Alanis Obomsawin passes knowledge to aspiring filmmakers
At 82 years old, there is no sign that Alanis Obomsawin will be putting down her camera any time soon.
When asked what's next for the legendary documentary film maker, Obomsawin said "another film, and another film."
Currently Obomsawin is working on a film about basic human rights for First Nations children.
She's been following Cindy Blackstock, the executive director of the First Nations Child and Family Caring Society of Canada, through the courts as Blackstock challenges the federal government to treat all children, on and off reserve, as equals.
Passing the torch
Obomsawin was in Winnipeg on Monday to help launch the third class of the National Screen Institute's Aboriginal Documentary training program. She was there to offer advice to the aspiring filmmakers.
Listening, she said, is the most important thing when it comes to documentary filmmaking.
"The root of things for me is that one must have a lot of patience and a lot of love for what you do," said Obomsawin.
Obomsawin said it's an honour for her to tell peoples' stories and integral to understanding who we are.
"If you go and you say, 'oh, I know the story, I don't need to hear anymore,' there is trouble there."
For her, the real story comes out while she sits and listens. It's a process of discovery.
"The best gift is to give time. Time to hear and to make those people you are talking to feel comfortable."
Education is key
Obamsawin's career started with singing. That was her way to get to kids and educate them about First Nation history.
"My main concern was education," said Obomsawin. "I was trying hard to find a way into the classroom. I was very young and wanted to influence change of what they were teaching about the history of this country."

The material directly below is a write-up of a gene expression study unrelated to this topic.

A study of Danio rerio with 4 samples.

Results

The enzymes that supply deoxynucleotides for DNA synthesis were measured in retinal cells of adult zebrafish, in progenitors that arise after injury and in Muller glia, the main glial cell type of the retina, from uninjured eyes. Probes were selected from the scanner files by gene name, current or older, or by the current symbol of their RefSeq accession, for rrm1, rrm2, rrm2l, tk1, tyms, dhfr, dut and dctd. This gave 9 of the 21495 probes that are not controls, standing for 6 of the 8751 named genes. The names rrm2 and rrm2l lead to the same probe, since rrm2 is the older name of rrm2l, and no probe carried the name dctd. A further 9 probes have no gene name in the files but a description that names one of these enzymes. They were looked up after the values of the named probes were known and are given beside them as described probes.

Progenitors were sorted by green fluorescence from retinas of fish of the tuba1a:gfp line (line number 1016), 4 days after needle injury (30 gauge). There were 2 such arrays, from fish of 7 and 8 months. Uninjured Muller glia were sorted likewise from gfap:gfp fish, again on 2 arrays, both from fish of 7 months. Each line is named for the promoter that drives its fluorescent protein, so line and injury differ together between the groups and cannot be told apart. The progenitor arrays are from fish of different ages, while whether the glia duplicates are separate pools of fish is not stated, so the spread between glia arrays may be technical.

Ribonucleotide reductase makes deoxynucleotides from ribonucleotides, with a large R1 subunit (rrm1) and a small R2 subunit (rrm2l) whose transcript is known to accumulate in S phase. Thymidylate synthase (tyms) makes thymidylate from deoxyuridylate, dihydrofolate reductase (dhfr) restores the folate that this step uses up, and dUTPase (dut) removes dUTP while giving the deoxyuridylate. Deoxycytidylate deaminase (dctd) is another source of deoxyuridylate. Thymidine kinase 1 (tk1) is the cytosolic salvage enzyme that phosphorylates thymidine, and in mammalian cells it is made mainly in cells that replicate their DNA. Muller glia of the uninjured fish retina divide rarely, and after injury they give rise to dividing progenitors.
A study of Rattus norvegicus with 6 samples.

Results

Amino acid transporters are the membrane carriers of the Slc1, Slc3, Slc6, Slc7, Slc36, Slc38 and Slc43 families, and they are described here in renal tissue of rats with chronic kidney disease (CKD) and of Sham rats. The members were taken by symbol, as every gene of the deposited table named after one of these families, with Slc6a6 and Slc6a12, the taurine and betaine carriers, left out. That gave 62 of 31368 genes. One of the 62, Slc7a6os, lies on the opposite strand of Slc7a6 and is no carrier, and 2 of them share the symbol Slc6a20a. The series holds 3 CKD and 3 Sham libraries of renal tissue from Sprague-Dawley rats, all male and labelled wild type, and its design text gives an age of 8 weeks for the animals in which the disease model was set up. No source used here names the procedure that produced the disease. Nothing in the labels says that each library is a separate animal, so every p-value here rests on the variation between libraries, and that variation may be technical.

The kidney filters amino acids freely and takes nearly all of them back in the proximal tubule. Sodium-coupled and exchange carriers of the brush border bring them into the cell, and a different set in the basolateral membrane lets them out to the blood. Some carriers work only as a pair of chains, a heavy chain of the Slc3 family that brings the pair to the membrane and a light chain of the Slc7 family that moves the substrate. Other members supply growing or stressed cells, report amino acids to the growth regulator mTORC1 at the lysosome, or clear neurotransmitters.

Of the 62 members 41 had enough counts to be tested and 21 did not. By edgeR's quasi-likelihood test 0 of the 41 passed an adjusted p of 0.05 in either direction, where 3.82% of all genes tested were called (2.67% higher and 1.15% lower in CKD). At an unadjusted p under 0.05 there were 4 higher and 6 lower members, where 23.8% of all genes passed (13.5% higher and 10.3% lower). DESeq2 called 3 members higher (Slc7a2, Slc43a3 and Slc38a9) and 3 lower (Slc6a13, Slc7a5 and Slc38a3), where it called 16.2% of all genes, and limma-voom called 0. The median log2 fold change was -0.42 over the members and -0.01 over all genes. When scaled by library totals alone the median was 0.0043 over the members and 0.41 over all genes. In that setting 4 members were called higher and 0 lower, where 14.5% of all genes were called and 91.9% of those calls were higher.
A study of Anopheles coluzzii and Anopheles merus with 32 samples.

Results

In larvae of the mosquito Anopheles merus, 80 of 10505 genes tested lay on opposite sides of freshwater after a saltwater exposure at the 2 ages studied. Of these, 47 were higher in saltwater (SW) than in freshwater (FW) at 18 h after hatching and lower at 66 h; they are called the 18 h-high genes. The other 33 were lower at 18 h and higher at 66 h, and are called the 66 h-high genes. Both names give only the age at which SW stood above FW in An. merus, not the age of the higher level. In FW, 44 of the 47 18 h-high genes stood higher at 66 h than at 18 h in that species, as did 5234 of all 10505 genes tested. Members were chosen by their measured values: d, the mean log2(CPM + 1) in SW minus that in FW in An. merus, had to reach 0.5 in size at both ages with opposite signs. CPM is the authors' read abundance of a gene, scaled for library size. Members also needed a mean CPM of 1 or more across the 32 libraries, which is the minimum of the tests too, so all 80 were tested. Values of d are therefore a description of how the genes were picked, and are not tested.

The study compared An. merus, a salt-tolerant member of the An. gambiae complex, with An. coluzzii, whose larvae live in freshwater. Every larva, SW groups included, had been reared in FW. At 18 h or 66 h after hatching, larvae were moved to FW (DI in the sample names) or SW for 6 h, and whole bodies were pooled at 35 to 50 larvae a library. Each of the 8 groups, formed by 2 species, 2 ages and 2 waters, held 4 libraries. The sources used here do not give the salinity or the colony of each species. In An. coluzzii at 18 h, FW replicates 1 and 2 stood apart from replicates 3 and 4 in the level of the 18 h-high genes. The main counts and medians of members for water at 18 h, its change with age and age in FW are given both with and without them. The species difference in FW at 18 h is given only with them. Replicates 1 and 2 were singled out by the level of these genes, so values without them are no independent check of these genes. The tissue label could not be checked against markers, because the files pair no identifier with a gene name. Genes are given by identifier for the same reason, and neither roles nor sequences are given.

I was very young and wanted to influence change of what they were teaching about the history of this country.- Alanis Obomsawin
She got into the classroom with music — and as for film, that started with a swimming pool.
Children in her community, Odanak in Quebec, could no longer swim in the St. Francis River. A pool was built for the children in the neighbouring town. The First Nations children were not allowed to swim in it. So Obomsawin, who was a singer, held fundraising concerts and got the pool built.
CBC did a half hour program on her accomplishment.
"It was from there the National Film Board (NFB) saw it and I was invited by some producers to talk to some of the filmmakers there," said Obomsawin. "I discovered that they had a studio that only catered to [the] classroom, with educational film strips."
Now, she has 40 documentaries under belt with the NFB.
Her first was Christmas at Moose Factory. The short film took the viewer inside of the north eastern Ontario residential school at Christmas time.
"At night I would go and sing for the children in the dorm where the smallest ones were. Some of them were five years old," said Obomsawin.
"They were really far from their own family and I thought, 'oh they are so small to be taken away like that.' I would go and sing lullabies and tell them stories at night."
Last summer, 45 years after making that film, Obomsawin returned to the area, to make her latest film, Trick or Treaty.
While at a conference on Treaty 9, a voice came in her ear, singing one of those lullabies. It was one of the children from Moose Factory.
"I love those children, I feel very attached to Moose Factory because of that," said Obomsawin.
Trick or Treaty was released last year. Obomsawin made history as the first indigenous filmmaker to screen a film in the Toronto International Film Festival's Master's program.